On a clear day, this is one of the most stunning walks on the island. It is challenging, with a steep climb out of Valldemossa and a long steep descent into Deia
(with 1 or 2 brief nervous moments for those who suffer from vertigo), but it’s well worth the effort for the views along the north western coast. There are also lots of examples of the old forest dwellers’ settlements, so we get the opportunity to learn about Mallorca’s rural history. Overall a real treat and one of our favourite stages of the GR221 or Dry Stone Route.
We start our walk in the centre of Valldemossa, and soon head uphill through the woods along stony old mule tracks. We continue steeply uphill for some time with an occasional breather, and fabulous look-out points with sweeping views of Palma in the distance and the coast beyond Valldemossa. We come across the remains of charcoal burners’ settlements, old lime kilns and other ancient forest activities.
For part of this trail we join the Archduke’s bridleway, an old cobbled path built by the Austrian Archduke Ludwig Salvator in the 1860s to ’70s. The local residents thought he was mad at the time but we walkers are eternally grateful to him for leaving us this fabulous scenic route. From here we get stunning panoramic views of the coast and surrounding Tramuntana mountains.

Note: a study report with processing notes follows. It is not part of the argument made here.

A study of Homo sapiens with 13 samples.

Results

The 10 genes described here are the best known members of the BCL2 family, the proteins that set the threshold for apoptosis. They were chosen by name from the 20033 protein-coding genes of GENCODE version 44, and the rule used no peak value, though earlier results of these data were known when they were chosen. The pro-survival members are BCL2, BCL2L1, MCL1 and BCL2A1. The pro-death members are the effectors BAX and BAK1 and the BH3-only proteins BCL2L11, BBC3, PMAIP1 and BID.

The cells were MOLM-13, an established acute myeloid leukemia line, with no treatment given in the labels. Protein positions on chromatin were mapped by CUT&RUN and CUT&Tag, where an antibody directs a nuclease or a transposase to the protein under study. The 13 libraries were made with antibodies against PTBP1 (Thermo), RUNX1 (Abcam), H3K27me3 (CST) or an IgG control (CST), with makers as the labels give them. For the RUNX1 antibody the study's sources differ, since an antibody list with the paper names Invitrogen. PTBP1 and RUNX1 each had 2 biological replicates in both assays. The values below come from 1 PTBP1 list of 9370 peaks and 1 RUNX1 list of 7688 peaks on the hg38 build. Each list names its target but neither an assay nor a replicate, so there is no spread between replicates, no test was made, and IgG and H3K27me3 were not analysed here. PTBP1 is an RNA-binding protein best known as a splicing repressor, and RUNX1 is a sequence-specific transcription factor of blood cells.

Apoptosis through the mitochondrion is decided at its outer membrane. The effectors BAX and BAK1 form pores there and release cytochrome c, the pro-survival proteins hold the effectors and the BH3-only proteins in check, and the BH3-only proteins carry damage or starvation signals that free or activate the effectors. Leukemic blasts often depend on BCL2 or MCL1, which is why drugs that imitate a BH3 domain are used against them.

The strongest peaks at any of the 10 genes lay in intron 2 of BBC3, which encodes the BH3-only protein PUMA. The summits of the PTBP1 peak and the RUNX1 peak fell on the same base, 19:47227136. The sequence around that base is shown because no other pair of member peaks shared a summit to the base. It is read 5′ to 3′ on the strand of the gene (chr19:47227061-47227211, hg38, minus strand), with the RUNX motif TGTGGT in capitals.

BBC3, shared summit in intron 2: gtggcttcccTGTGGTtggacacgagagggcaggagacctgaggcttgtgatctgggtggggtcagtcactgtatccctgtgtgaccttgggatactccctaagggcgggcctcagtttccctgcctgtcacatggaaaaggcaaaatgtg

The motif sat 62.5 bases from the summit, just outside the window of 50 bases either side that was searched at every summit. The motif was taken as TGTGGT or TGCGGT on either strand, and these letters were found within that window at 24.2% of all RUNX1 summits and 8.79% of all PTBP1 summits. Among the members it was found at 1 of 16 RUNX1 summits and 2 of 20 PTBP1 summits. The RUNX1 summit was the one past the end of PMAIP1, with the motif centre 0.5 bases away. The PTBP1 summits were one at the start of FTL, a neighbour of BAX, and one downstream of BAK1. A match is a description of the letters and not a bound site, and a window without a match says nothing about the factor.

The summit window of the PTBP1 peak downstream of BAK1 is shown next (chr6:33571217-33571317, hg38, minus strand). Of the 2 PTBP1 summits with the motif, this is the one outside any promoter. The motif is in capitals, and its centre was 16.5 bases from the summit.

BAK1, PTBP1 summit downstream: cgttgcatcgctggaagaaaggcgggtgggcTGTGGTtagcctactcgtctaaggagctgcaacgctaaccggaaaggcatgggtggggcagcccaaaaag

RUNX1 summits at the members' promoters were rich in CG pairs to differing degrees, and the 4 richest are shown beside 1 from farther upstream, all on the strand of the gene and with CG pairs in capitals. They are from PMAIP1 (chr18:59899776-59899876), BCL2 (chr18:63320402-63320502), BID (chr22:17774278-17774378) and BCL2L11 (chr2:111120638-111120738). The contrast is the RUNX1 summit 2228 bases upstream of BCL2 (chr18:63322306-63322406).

Our descent into the pretty village of Deia is long and steep and much of it is through beautiful holm oak woods, where we walk on soft narrow leafy paths, which are a sharp contrast to the stony ascent and mainly hard, rocky surfaces.
We can highly recommend this walk – it’s a real Mallorcan experience!
Amazing views, ancient historical remains and a beautiful oak forrest on our way down to Deià.
Facts about this walk:
• Area: North West.
• Length: 8km
• Walking Time: 5hrs (breaks not included).
• Ascent/descent: 520m/800m.
• Difficulty: Challenging.
Please contact us for more info and available walks!!